Iain Boal interviewed by David Martinez - Counterpunch, September 11, 2007

Iain Boal is an Irish social historian of science and technics, associated with Retort, a group of antinomian writers, artisans and artists based in the San Francisco Bay Area. He is one of the authors of Retort’s Afflicted Powers: Capital and Spectacle in a New Age of War (2nd edn, Verso, 2006). This chapter is based on a conversation prompted by DAVID MARTINEZ, a San Francisco-based filmmaker and journalist, in late 2005. It also draws on material from a forthcoming book by Iain Boal, entitled The Long Theft: Episodes in the History of Enclosure.

DAVID MARTINEZ: I’d like to talk with you about "scarcity" and "catastrophe". On the talk shows there is even discussion of an impending collapse of society due to dwindling oil supply. The concepts of scarcity and collapse are hardly new, and obviously the invasion of Iraq brought the issue of oil into sharp focus. Can we start with the sacred cow of scarcity?

Iain Boal:  Sure. With respect to oil, we should begin with the observation that the general problem for the petro-barons has always been glut, or to put it another way, how to keep oil scarce. They’ve done a pretty good job, although all monopolies have to be measured against De Beers, who have the corner on diamonds. They are the world’s masters at constructing scarcity, in this case, of crystalline carbon, which is actually rather common in the earth’s crust. So one thing to make clear is that the invasion and occupation of Iraq is not about absolute scarcity.  For sure, the history of oil is complex, and the fluctuations in the supply of oil have an extraordinarily complicated relation to price, demand, and reserves. But in order to understand scarcity – whether of oil in particular or of commodities under capitalism in general – you have to look at the discourses of scarcity and of poverty. And that means you have to look at the historical moment of the institutionalizing of economics – defined in the textbooks as "the study of choice under scarcity" – as the dominant  way of talking about the world, and the relation of these to capitalist modernity.  And that story is indeed interesting.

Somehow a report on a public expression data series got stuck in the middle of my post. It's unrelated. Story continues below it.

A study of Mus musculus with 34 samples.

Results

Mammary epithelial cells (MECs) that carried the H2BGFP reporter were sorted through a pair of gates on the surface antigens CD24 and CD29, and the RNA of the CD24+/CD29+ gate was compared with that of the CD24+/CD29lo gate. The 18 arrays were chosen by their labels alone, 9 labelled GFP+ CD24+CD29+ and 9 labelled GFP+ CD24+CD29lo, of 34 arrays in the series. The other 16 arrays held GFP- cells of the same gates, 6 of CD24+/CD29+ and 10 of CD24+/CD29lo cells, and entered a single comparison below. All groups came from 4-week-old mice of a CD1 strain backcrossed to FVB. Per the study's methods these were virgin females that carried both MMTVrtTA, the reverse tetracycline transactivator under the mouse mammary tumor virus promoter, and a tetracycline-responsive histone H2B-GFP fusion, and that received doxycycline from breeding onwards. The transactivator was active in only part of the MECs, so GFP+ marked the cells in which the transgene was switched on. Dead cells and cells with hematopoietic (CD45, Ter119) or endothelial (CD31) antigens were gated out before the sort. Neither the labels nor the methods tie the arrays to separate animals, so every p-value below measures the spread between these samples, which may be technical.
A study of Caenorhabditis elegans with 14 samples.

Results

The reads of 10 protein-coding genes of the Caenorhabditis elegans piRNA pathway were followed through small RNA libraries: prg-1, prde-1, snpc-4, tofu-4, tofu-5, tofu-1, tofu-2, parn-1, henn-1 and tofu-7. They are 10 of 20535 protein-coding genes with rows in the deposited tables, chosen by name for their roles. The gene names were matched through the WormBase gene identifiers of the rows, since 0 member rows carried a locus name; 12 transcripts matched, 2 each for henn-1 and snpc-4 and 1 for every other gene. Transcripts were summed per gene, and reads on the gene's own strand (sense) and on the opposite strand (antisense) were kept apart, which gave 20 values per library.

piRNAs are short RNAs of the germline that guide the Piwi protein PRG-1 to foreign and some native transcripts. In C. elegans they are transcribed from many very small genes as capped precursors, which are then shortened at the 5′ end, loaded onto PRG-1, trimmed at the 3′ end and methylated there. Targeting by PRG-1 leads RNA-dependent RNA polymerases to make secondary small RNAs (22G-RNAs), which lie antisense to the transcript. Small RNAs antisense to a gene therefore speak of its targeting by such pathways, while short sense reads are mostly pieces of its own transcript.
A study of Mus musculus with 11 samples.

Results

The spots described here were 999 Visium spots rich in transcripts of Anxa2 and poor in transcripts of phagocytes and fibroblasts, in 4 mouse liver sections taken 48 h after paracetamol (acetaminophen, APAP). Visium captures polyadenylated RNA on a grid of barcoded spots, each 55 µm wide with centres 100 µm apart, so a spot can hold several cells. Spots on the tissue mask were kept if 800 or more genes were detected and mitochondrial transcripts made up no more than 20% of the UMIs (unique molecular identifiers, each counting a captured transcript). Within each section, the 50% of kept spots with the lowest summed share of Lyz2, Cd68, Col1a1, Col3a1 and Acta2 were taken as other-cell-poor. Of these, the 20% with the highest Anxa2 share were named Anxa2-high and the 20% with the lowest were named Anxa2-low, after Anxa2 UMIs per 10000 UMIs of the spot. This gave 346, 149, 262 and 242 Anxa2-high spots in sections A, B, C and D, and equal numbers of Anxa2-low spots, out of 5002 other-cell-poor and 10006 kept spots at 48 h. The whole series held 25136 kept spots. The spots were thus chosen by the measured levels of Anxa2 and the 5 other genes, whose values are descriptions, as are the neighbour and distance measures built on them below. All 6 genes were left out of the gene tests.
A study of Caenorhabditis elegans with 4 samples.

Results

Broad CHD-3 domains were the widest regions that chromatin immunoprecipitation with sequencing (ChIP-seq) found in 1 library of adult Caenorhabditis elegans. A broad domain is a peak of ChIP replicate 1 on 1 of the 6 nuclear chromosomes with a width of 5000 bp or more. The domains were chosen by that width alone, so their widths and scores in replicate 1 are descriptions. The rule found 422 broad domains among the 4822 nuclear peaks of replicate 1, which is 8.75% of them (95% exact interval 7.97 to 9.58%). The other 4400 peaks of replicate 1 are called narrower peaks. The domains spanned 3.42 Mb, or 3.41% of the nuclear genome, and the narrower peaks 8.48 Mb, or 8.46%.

In order to understand "scarcity" as a sacred cow, we have to go back to the Reverend Thomas Malthus. Because, no question, we are living in a Malthusian world. By that I mean that Malthus’ way of framing the issue of human welfare has triumphed.  And I think it’s especially important for the Left to understand this. Particularly those who got drawn into politics through concern about the environment, who count themselves as "green". Scratch an environmentalist and probably you’ll find a Malthusian. What do I mean by that? What is it to be Malthusian? Well, it’s to subscribe to the view that the fundamental problems humanity faces have their roots in the scarcity of the resources that sustain life, because the world is finite and we are exhausting those resources and also perhaps because we are polluting them. Notice how this mirrors the basic assumption of modern economics – choice under scarcity. In his notorious essay published in 1798, Malthus argued, or rather asserted, that population growth, especially of poor bastards, would inevitably outrun food supply, unless the propertyless were restrained from breeding. He advocated that poor people be crowded together in unhealthy housing, as a way of checking the growth of population. Remember, this is the world’s very first economist we’re talking about here.

And don’t forget that Malthus was in his own time consciously devising a counter-revolutionary science of economics and demography: his essay was a response to a famous best-seller by the utopian anarchist William Godwin, husband of the feminist Mary Wollstonecraft and father of Mary Shelley who later wrote Frankenstein as a warning against the hubris of (male) science. Godwin had written An Enquiry Concerning Political Justice during the euphoric period after the storming of the Bastille in 1789 and the overthrow of the French monarchy. Godwin’s optimistic, atheist, rationalism was born of the revolutionary events happening across the Channel – "Bliss was it in that dawn to be alive", in the indelible line of Wordsworth. But as the counter-revolution set in, Thomas Malthus felt emboldened to compose his Essay on the Principle of Population as an explicit response to Godwin’s vision of an ample life for all. Malthus invented an "iron law of nature" intended, rhetorically, to put a damper on Godwin and the perfectibilians, and in practical political terms to discourage "idling" and illegitimacy and to cut away the existing welfare system which was a safety net for the poor.